There is a renaissance of sorts underway in American boatbuilding, and some of it is concentrated in the little state of Rhode Island, which for many years was a major player in producing cruising sailboats, where companies like Bristol Yachts, the O’Day Corp., Freedom Yachts and so many others were based and flourished.
Those builders are gone, but these days such iconic brands as Alerion, C&C Yachts, J/Boats and other superb vessels are now being produced—or soon will be—in Little Rhody.
There have, of course, been constants through all these changes, and one exemplary example is Walter Schulz, the founder and president of the Schulz Boat Company, which is perhaps better known by the long line of sailboats and powerboats the firm has produced: Shannon Yachts.
Schulz began his career in 1974 in collaboration with naval architect George Stadel. They debuted their 38-foot ketch in October of 1975 at the U.S. Sailboat Show in Annapolis, Maryland. It was the first of over 20 sail and power boats that Schulz would produce, including his biggest boat to date, the Shannon 53 High Power Sailor (HPS).
Perhaps fittingly, this fall Schulz has returned to his roots with another 38-footer, the Shannon 38 HPS. But the lines and specifications of the two boats could hardly be more different, and graphically illustrate how Schulz and his company have evolved in the intervening decades.
1981 Shannon 38 Ketch. Photo courtesy of Cannell, Payne & Page Yacht Brokers.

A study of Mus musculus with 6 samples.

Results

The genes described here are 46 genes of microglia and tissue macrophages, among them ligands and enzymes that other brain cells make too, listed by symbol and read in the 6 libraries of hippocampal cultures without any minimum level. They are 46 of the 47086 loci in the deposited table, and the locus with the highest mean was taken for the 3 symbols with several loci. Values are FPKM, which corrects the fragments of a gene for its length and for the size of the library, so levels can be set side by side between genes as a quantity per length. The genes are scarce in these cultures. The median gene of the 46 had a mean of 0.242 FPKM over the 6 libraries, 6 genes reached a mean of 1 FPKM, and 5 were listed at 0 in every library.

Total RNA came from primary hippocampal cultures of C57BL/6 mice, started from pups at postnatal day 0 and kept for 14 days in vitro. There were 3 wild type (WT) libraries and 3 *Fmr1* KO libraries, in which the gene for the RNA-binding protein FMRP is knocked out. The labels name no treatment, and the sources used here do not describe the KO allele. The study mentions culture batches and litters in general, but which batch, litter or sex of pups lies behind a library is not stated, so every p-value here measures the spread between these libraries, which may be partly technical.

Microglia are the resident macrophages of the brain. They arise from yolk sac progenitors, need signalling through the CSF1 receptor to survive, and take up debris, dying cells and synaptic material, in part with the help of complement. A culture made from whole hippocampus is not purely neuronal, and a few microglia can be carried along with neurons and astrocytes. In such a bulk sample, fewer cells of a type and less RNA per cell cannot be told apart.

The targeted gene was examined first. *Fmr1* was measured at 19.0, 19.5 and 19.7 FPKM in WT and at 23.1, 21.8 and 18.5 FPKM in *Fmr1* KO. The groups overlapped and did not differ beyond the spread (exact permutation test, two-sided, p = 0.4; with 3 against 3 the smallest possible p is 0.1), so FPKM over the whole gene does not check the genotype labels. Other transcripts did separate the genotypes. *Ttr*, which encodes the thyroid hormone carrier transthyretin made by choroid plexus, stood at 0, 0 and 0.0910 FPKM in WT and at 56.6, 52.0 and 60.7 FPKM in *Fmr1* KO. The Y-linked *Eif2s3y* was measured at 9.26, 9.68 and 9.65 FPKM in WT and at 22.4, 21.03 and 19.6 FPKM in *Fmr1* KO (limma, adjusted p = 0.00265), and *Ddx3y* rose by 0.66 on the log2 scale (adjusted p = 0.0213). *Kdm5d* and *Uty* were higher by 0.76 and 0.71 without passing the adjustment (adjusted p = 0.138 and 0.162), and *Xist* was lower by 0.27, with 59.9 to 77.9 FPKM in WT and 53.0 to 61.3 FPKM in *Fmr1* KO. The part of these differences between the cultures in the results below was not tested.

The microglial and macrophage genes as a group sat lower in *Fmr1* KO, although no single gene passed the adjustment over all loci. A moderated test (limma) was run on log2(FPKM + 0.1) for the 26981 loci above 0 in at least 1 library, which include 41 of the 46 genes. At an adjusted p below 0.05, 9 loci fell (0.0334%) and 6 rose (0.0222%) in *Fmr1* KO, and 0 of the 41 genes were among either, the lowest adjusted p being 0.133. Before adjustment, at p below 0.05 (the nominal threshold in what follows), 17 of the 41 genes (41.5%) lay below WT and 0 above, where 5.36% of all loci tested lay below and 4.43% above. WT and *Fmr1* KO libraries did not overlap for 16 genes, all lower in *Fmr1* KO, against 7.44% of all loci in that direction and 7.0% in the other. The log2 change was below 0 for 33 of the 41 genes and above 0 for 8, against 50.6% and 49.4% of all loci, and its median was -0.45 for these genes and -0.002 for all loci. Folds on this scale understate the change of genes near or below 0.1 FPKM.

For example, that original Shannon 38 had a split rig, cutaway keel and classic overhangs: the boat’s LOD was 37’ 9”, the LWL was 30’10” and the beam was 11’6”. The boat drew 5’6” and displaced 18,500 pounds.
Now compare those dimensions with the 38 HPS: LOD (38’3”), LWL (37’9”), beam (13’0”), draft (3’0”) and displacement (14,500 pounds).
The new Shannon 38 HPS. “Scutter” rig shown at left, sloop rig with self tending boom at right. Courtesy of Shannon Yachts.
Clearly, the new boat is not your daddy’s Shannon 38. Heck, it’s not even Walt Schulz’s original Shannon 38!
No, it’s a boat built for shallow gunkholes or the high seas, under sail or power. It can be specified with a single 165 hp. diesel or twin 75 hp. diesels that will reportedly motor at 12 knots with a 500 nautical-mile range. But Schulz insists it’s not a traditional motorsailer by any means, but also a “fast and fun sport boat” that will sail at 7 knots in 15-knots of wind. The dual-purpose capability is the defining characteristic of and concept behind Shannon’s HPS line, an ambitious take on the cruising sailboat.
The first Shannon HPS was recently launched and is currently undergoing sea trials off Bristol, R.I. This winter, the boat will head south to Fort Myers, Florida, where Shannon will offer inspections and sail tests to interested parties. For more information, visit the Shannon website or contact Bill Ramos ([email protected]).